11:25 PM EDT

Jeff Flake, R-AZ 6th

Mr. FLAKE. Mr. Chairman, this amendment would remove $1 million for the Environmental Science Initiative at Drew University, and it would lower the cost of the bill by a commensurate amount.

I have nothing against environmental science. I think very highly of the gentleman who has sponsored this earmark, but I do have a problem with handing out these kinds of earmarks to private universities. Drew University is not only a private institution; it also has a reported endowment of more than $268 million. In addition, the university was recently awarded a grant of $950,000 by the Andrew W. Mellon Foundation, a grant that was for the establishment of the new Environmental Studies and

Sustainability major at the school. This is according to the university's Web site.

I applaud Drew University. It speaks highly of the university that it was [Page: H6966]

able to secure a grant from a foundation like the Mellon Foundation. Yet it's curious, in light of this grant, that Drew University should receive a $1 million earmark for what the sponsor said is the development of new environmental studies courses for the construction and improvement of science laboratories.

It sounds to me like this new course of study at Drew University not only got a $1 million grant from the foundation for the new major but that it is also getting a $1 million grant from the taxpayers as well. I'm sure the curriculum Drew offers is competitive and noteworthy, but so are the curricula of many universities across the country.

Mr. Chairman, there has been increasing attention paid to earmarks for private companies. What do we do about earmarks to private universities that have demonstrated their ability to secure generous grants from prestigious foundations? Why do the Federal taxpayers have to provide funding as well?

Drew University has the benefit of relationships with influential Members of Congress, obviously; but does that justify this kind of earmark?

As I mentioned, there is a bit of a spoil system here. I mentioned the CJS spending bill overall. When you look at simply one program, again, like the COPS grant, it contains nearly $123 million in earmarked funds. Powerful Members of Congress, appropriators, leadership, and committee chairs and ranking members are taking home more than $55 million of that. That represents 45 percent of the total dollars earmarked. Yet I would remind my colleagues again that this subset of Members comprises only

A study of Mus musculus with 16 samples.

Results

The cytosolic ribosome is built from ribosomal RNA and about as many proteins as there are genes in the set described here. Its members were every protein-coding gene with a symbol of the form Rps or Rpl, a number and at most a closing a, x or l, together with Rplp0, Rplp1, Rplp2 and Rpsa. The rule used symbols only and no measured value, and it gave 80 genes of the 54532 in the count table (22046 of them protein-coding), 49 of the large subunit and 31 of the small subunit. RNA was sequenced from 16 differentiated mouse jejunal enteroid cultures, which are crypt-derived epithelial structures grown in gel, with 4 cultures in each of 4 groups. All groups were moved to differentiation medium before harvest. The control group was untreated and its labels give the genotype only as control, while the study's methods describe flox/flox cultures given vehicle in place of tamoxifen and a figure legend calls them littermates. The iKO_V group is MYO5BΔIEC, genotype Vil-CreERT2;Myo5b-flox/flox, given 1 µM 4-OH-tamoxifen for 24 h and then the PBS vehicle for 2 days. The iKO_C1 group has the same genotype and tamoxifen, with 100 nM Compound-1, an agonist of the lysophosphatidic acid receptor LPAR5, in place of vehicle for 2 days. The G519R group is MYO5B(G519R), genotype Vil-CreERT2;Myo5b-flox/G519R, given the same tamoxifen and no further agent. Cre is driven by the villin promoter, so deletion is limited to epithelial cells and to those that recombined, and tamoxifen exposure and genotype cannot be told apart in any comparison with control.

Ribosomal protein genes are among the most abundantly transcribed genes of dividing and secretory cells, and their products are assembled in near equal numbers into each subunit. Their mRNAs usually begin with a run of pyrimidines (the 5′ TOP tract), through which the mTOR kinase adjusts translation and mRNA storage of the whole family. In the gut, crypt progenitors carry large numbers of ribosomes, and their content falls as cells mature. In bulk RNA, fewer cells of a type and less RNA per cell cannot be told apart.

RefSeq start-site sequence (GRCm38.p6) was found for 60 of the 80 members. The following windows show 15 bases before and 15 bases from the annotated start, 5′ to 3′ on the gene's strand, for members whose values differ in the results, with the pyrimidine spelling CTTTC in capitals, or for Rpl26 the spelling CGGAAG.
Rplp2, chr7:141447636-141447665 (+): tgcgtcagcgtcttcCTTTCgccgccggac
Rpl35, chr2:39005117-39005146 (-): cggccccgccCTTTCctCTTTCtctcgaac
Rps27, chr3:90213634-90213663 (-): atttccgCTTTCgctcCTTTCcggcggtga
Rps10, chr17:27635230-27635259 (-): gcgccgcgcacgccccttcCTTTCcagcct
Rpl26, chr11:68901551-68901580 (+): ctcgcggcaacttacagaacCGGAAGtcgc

25 percent of this legislative body.

I would submit that the taxpayers have already had an education. We've received an education in Congress' wasteful earmarking ways. We don't need to subsidize a private university in this manner. I urge support of the amendment.

I reserve the balance of my time.

11:28 PM EDT

Rodney Frelinghuysen, R-NJ 11th

Mr. FRELINGHUYSEN. Mr. Chairman, personally, I believe that we do need to rein in excessive government spending and promote fiscal discipline, and I've been heavily involved in that.

With that said, I want to thank you, Representative Flake, for bringing this very important project to everyone's attention. I know we can all agree on the importance of math and science education. Throughout my career in county, in State and now in Washington, I've been a strong proponent of instilling an interest in STEM education in our young people so that they may tackle our country's and our planet's most pressing issues.

The Drew University Environmental Science Initiative--and Drew is located in Madison, New Jersey--fits perfectly in line with this goal of advancing science education. This program benefits Drew's undergraduate students, and it assists Drew in expanding its partnership with local elementary, middle and high schools. Many speakers had come to the floor earlier, saying, you know, How are we going to meet the challenges of China and India?

One of the ways you meet the challenges of China and India with regard to their educational systems is to make sure that there are colleges and universities that are doing what they can to graduate students who are heavily involved in math and science studies.

I strongly share Drew's belief that, in order to confront tomorrow's environmental challenges, we must capture the interest and imagination of our Nation's youth early in education, and Drew does this.

[Time: 23:30]

I'd also add that this project, this science initiative, like all others proposed for funding, has been thoroughly vetted and completely transparent.

And may I add, unlike the gentleman's home State of Arizona, which ranks 21st in the Nation in tax dollars returned from Washington, my home State of New Jersey ranks 50 out of 50, dead last. So, quite honestly, I don't apologize for looking after my State, my public and private universities, because we want the best of America to be well educated, and I think the investments we're making in science, math, technology, and engineering in New Jersey and colleges and universities across the country

is money well spent.

Mr. Chairman, I reserve the balance of my time.